The National Museum of Wales is mid-way through a three-year strategy of digitising and using modern technology in its seven campuses.
The organisation’s sites include Cardiff’s National Museum (pictured), St Fagans Natural History Museum and the National Slate Museum in North Wales.
The museum's governing body has been trying to bring its sites into the 21st century through a number of digital means, from implementing beacon technology to encouraging digital culture change internally.
Head of digital media, Dafydd James, says that, while museums traditionally hold objects, they also store a vast amount of information and metadata associated with those objects which engages the public.
“It’s a continuous battle to make sense of this information,” says James. “And we’re always considering how to publish it.”
At the moment, the organisation has four million objects, but has only managed to electronically document 1.4 million.
James told the Digital Strategy Innovation Summit in London on Thursday 16 October 2014 that the National Museum of Wales is trying to open up more of its data, but faces a variety of challenges.
“There are different database standards, not only different types of software, but types of data as well,” he explains. “Sometimes it’s not classed as ready because of ethical, personal information or due to language.”
Being a governing body, the National Museum Wales publishes everything in both Welsh and English, which presents a challenge in publishing the data.
James says the amount of information generated today makes it difficult to curate for the future. “What do you pick out from all the tweets sent daily, that represents today’s culture? How do we capture this data and what do we capture it?” he asks.
For example, the National Museum Wales has a sound archive at the St Fagans site near Cardiff, which has field recordings and BBC recordings in more formats than James had previously heard of.
“The scale of what we have to pick from is huge,” he says.
The museum is trying to tidy up its legacy data systems, where historically collection managers would choose their own ways to manage their data. This archived data is now stored in disparate data systems based on taxonomy, so data on different types of objects sits in silos across the organisation.
The organisation has recently put out a tender for a piece of middleware software to aggregate the data into one place.
Another infrastructure upgrade is Wi-Fi. James says that, if the organisation wants visitors to interact and participate with exhibits, it needs to provide the infrastructure. Particularly St Fagans – an open air museum over a large area – is looking into putting Wi-Fi in key points. And, in some cases – for instance in the Slate Museum – the organisation has worked with a content delivery network to cache website data, so not everything depends on Wi-Fi.
James says all museums struggle to stay relevant to users, and they have to constantly question what digital media they should be collecting and what ways it should be presented to visitors.
The Slate Museum in Llanberis, North Wales is currently hosting a trial of beacon technology, which comes with an accompanying application to allow visitors to explore and interact with information including archived images. The site has 25 beacons which provide multiple views and narratives which can be displayed alongside more traditional exhibits in the museum.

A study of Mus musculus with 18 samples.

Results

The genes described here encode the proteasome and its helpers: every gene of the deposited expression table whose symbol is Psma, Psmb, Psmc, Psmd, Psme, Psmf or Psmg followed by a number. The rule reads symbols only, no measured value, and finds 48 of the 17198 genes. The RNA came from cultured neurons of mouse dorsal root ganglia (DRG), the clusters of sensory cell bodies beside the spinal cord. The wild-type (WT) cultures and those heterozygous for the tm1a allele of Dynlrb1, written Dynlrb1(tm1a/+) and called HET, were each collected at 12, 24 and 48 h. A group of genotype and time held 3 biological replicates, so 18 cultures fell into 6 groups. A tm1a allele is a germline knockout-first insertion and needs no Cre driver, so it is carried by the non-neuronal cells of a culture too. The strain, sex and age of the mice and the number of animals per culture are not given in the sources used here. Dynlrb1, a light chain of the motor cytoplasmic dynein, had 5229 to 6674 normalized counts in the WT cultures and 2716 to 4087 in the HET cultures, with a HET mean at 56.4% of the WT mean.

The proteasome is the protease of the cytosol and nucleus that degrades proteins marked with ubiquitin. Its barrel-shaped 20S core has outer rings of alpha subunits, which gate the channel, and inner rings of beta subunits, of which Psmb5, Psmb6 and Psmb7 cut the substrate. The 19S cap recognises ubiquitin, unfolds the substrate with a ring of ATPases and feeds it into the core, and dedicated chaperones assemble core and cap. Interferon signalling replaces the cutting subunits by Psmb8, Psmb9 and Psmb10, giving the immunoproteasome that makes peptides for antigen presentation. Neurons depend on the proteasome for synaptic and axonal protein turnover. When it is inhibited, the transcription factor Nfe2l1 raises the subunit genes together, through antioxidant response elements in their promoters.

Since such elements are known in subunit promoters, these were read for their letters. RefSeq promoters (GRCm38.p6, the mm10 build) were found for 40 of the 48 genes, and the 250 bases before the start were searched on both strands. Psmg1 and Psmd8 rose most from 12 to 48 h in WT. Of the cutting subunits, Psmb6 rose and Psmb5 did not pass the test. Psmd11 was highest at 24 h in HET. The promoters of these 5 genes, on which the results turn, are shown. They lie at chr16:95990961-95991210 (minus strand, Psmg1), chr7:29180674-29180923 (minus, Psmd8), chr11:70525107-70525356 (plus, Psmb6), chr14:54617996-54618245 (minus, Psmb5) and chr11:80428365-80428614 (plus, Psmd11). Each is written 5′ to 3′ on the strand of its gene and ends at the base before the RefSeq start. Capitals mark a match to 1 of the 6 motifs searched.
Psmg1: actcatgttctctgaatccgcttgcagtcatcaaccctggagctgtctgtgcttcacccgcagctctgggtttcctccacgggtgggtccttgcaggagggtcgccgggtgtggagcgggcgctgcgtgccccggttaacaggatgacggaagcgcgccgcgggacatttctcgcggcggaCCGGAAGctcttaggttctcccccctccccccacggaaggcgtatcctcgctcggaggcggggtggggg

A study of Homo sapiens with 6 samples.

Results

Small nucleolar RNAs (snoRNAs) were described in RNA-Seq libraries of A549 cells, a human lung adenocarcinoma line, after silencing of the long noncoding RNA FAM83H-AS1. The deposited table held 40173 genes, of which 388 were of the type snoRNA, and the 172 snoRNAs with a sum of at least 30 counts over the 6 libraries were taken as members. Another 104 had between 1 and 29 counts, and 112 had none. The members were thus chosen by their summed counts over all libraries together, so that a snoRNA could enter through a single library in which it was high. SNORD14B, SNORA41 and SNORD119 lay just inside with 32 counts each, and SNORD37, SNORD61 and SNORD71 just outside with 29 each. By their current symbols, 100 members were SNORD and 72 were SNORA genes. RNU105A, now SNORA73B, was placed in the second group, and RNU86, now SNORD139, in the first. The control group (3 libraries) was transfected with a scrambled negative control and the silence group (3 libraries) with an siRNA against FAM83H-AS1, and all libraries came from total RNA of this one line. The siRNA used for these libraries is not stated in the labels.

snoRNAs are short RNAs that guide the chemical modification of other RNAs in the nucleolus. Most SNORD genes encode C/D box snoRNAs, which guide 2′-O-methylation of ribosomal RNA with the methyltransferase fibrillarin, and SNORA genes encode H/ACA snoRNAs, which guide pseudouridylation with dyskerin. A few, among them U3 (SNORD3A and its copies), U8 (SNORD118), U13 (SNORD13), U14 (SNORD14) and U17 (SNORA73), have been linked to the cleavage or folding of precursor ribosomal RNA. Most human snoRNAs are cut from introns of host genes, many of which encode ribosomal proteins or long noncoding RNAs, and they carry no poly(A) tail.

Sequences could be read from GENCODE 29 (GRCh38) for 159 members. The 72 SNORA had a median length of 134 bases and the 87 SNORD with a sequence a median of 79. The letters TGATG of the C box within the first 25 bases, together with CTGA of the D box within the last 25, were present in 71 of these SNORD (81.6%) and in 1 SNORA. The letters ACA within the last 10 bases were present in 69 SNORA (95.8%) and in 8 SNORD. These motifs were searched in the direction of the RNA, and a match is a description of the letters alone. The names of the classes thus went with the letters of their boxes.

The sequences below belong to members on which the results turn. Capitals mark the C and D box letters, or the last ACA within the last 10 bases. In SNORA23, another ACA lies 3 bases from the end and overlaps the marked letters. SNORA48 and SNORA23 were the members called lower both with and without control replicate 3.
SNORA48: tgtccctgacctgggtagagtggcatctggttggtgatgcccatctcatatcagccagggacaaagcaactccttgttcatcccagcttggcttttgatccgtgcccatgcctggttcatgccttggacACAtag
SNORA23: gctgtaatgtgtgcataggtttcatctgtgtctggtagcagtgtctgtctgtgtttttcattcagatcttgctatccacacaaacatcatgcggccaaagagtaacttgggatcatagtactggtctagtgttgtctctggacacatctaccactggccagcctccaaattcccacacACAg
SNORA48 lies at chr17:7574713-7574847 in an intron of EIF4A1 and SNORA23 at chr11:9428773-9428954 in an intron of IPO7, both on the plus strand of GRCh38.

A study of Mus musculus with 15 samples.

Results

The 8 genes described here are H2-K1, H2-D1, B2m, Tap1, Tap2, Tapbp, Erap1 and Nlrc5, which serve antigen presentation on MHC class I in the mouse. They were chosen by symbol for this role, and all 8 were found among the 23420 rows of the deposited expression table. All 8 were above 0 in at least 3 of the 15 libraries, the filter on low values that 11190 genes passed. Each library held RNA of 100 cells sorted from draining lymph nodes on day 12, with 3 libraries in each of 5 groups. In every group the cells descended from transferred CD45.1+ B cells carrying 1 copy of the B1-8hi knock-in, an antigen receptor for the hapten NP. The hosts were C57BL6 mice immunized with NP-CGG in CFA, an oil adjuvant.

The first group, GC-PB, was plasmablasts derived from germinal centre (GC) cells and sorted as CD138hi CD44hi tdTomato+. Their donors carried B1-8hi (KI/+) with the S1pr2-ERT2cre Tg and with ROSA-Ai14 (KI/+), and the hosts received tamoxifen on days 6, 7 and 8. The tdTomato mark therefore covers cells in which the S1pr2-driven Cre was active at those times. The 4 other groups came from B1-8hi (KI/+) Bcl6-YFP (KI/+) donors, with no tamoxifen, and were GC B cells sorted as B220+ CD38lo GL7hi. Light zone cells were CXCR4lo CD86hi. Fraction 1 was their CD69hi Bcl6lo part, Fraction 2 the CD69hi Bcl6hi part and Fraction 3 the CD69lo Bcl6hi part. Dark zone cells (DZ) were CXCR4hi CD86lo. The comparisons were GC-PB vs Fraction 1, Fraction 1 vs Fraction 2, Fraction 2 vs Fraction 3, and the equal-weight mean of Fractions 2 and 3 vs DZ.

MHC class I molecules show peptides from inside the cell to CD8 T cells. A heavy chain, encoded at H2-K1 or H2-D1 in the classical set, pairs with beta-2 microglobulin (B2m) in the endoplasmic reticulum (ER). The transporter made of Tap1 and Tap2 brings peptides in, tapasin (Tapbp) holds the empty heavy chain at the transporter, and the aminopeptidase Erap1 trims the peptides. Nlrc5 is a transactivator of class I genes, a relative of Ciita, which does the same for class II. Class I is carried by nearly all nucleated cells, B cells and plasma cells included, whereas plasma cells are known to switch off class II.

The beacons also allows the museum to learn more about its visitors. “The more we get to know about our users the more we can provide customer information in their language preference,” explains James.
Meanwhile, digital also provides the ability for museums to become more agile. Traditionally, exhibits take months to plan, build and then remove, but with the help of digital means, the National Museum Wales has experimented with pop-up exhibits to prove that they don’t need to take that long.
The organisation uses traditional media, social, beacons, the website and workshops to build an exhibition in a few hours, asking people to participate.
“Museums can be agile, relevant, democratic and easy to engage,” says James. “And we’re starting to role this out to permanent galleries, by using the web to influence the design of the galleries.”
Internal culture change
But all of this digital innovation has to come from inside the organisation, and gearing up National Museum of Wales employees is a task in itself.
“We’re less than one year in, and we’ve still got a long way to go, writing blogs, tweets and articles they still think as an additional task to their current day job,” says James. “We have fewer people and more to do, and the challenge is to change these perceptions, and get everyone - creator, marketer and accountant - to feel it’s an important part of their role.”
James says the organisation needs to encourage staff to take ownership of digital, and one way to do so has been training staff in Google Analytics, so they can see the impact of what they’ve produced. In addition, it produces policies and other training and tool kits which can be accessed online, so it doesn’t have to travel the length of the country to teach about social media.
“We have keen advocates in departments to champion our course,” explains James. “But the responsibility of digital will lie across all staff roles.”
James sees technology as an enabler and, if the National Museum of Wales is properly equipped, the business can become more reactive and more agile. James is part of the digital team of seven people – soon to be nine – which he says has grown organically, to include both content creators and developers. It works closely with the internal IT teams, but reports to the public engagement division, rather than corporate services like IT.
“The strategy is the first stage of embedding digital thinking in everything we do,” he adds.